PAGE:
Next year, you won't find Fernando 'Pino' Solanas in the Senate. Instead, you'll find him in Paris, where he'll serve as Argentina's ambassador to UNESCO, the United Nations' Educational, Scientific and Cultural Organisation.
His appointment marks the first confirmed ambassador for the incoming Frente de Todos administration.
Perfil spoke with Solanas about his next move this weekend.
How did president-elect Alberto Fernández ask you to give up your seat?
From the start, when we began to build this great coalition, I wanted to stay in the Senate. At 83 years old, I couldn't think of another move in my life, and that's not even talking about moving to another country, even for office. The only thing that could have attracted me was UNESCO because culture has played a large role in my life for so long. I am the author of the only cultural provision within the National Constitution – Section 19 of Article 75 – that highlights plurality as part of our identity.
Have you been in touch with your predecessor, Rodolfo Terragno?
Yes, he's an old friend, coincidentally. I spoke with him and we're going to have dinner together December 16 in the Paris apartment that I'm going to inherit from him. He will do an inspection to see if there are rats or cockroaches [Laughs]. Then, I have to wait for the approval of the Senate in Buenos Aires. As well as arrange all my domestic items.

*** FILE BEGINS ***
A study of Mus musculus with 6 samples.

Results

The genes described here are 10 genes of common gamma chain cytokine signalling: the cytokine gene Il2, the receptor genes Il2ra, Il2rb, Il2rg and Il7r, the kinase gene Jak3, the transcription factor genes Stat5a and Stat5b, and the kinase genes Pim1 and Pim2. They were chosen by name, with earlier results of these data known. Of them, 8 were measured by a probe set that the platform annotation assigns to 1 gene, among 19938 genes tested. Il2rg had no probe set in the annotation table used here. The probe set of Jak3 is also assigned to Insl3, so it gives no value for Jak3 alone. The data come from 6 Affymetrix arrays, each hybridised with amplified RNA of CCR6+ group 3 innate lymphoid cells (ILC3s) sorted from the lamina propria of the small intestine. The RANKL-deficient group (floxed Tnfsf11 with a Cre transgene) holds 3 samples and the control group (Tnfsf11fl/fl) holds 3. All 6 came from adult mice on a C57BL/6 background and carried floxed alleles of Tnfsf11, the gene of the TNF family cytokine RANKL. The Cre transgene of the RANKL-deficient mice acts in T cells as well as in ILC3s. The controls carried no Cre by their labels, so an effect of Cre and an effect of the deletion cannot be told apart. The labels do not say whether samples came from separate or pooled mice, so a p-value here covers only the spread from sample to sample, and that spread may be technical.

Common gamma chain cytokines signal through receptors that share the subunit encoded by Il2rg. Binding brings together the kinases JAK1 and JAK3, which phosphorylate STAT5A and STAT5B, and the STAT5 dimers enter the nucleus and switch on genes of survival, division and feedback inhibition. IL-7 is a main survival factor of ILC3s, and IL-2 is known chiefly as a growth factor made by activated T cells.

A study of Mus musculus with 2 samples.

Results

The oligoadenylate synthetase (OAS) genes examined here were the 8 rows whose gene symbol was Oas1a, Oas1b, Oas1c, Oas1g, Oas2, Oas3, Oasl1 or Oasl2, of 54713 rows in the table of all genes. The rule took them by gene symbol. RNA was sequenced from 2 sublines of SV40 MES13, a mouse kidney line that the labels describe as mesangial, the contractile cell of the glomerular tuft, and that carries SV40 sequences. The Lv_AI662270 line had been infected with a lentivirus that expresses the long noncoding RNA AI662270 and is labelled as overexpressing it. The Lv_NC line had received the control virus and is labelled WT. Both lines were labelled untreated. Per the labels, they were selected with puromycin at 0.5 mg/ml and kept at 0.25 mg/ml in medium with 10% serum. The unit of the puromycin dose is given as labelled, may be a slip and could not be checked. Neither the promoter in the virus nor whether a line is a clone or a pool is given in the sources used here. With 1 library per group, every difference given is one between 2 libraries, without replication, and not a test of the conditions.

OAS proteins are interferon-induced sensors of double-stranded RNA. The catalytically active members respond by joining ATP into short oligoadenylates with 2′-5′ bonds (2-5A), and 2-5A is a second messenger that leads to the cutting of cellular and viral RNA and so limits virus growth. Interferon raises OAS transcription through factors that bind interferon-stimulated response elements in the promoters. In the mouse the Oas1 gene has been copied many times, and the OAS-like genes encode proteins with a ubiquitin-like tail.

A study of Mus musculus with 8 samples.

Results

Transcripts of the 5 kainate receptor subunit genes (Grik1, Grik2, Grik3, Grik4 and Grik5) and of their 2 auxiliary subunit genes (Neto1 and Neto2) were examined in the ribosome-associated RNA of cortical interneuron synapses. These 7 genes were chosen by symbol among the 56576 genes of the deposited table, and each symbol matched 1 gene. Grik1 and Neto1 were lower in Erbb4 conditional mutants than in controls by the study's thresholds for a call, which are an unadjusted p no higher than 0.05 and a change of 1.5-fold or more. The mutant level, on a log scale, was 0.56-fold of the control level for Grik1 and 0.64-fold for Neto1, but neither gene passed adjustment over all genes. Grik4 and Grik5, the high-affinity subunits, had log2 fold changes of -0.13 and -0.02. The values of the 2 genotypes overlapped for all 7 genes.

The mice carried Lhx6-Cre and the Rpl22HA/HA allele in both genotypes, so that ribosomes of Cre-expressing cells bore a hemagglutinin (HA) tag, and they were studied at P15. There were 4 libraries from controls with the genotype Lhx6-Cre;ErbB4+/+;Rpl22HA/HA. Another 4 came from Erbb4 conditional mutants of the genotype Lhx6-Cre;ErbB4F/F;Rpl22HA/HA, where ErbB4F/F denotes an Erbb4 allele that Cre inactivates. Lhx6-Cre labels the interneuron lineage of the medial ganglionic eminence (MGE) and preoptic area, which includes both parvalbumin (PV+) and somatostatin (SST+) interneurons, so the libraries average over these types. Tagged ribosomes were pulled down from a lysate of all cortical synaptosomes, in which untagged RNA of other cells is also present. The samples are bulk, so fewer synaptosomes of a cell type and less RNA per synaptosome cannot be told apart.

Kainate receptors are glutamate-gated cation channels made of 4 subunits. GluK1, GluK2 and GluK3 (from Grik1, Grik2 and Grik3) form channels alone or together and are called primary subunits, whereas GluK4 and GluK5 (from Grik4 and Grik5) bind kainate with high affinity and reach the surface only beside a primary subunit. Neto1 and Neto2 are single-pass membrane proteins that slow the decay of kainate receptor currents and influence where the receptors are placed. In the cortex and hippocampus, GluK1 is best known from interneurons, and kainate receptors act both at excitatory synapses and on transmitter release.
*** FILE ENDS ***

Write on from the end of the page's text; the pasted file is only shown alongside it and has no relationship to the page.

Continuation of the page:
How would you evaluate your predecessor's time?
Here, there's not a lot of information about what has happened in UNESCO and there are dozens of commissions about the diverse problems that span education, science, culture and peace. Since its inception, UNESCO was created to work for world peace.
Given we are currently in a Latin America with regular social outbursts, could expectations turn against Fernández if the desired results aren't achieved quickly?
None of the major problems of this Argentina will be fixed in four years – hunger, lower life expectancy, health or lower education levels can't be solved in one presidential term. All that demands constructing consensus.
Seeing as many had to cede at least something to join this coalition, what did you sacrifice?
The best way to describe it would be to leave it for another time. In politics, all the battles can't be resolved at once. It's one at a time. And here there are many topics that Argentina has to face and that deserve more time, like climate change, transport issues and energy. We can debate many things, but there are children that don't eat and others dying of thirst.
How to you avoid friction on these issues?
They all require planning without curbing production. It's impossible that one can propose to resolve all these problems at the same time. There are debates that Argentina hasn't resolved nor are they within the framework of this coalition. They will take time.